Ukrainian authorities attribute BadRabbit ransomware to Black Energy, the threat group they also believe was behind NotPetya. Ukraine and many (most?) security experts believe Black Energy operates in the interest and under the direction of the Russian government. (Moscow denies this, and also denies that it's carried out cyberattacks against Ukraine.)
A North Korean spokesman has denounced the UK's attribution of WannaCry ransomware to Pyongyang as a "wicked attempt" to ratchet up sanctions against North Korea. But global banks are not disposed to take the DPRK's protestations of innocence at anything approaching face value. The financial sector is taking steps to secure itself not only against the sort of SWIFT exploitation that diverted millions from Bangladesh Bank's holdings through fraudulent wire transfers, but also against the more destructive wiper malware the DPRK has deployed against other targets.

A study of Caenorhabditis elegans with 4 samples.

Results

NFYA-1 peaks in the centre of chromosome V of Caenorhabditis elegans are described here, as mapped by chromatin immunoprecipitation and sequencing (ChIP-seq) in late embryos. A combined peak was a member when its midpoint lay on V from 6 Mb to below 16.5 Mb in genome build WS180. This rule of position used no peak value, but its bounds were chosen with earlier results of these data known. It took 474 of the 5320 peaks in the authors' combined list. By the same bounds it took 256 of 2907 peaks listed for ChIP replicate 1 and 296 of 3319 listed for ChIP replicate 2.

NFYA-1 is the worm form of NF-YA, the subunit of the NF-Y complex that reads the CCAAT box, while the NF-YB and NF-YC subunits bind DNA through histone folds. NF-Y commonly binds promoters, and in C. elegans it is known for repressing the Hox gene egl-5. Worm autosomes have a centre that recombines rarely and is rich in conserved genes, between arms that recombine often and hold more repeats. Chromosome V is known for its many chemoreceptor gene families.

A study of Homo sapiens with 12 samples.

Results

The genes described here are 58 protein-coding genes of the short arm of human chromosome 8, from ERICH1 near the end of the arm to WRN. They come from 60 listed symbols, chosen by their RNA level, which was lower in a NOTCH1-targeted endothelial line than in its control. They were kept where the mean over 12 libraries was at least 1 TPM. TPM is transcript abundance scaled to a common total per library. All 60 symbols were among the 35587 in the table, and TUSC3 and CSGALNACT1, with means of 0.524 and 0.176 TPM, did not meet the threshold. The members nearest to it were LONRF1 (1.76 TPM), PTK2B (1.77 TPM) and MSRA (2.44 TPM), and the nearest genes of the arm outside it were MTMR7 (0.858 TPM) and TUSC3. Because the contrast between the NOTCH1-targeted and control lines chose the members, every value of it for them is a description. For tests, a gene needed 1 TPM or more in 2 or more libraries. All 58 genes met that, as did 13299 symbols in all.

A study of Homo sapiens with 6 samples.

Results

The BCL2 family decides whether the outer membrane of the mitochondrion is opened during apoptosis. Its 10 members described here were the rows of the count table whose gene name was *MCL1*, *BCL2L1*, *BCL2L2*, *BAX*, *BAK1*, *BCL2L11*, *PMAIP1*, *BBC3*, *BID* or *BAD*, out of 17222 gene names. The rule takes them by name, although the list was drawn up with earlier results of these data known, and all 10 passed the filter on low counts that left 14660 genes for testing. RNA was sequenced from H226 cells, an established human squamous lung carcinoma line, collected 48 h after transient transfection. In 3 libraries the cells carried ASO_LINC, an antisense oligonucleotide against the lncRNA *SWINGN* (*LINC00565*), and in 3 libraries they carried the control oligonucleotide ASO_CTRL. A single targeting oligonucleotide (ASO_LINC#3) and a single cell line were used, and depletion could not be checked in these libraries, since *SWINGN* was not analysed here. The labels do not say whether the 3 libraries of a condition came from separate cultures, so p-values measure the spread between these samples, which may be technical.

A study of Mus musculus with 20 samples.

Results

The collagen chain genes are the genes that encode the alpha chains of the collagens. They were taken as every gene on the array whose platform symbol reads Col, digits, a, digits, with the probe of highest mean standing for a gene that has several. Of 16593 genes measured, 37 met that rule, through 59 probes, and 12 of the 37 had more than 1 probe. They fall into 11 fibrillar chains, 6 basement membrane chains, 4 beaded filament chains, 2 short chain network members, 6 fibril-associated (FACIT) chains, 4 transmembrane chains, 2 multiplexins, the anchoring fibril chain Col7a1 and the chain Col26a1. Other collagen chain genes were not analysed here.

There's also some more traditional espionage news concerning the two Koreas: a South Korean lawmaker has accused the North of stealing sensitive warship plans.
A new ransomware campaign, "ONI," has been observed in operations against Japanese targets. Like a number of other apparent ransomware efforts, WannaCry and NotPetya prominently among them, ONI may blur the lines between ransom and simple disruption. Cybereason, which has been tracking ONI, says the ransomware (or wiper) was deployed only to active directory servers or what Cybereason calls "critical assets."
A phishing campaign underway in the wild is seeking to obtain Facebook or YouTube credentials.
Cyber companies continue to sell their certificate authority business. Comodo is the latest.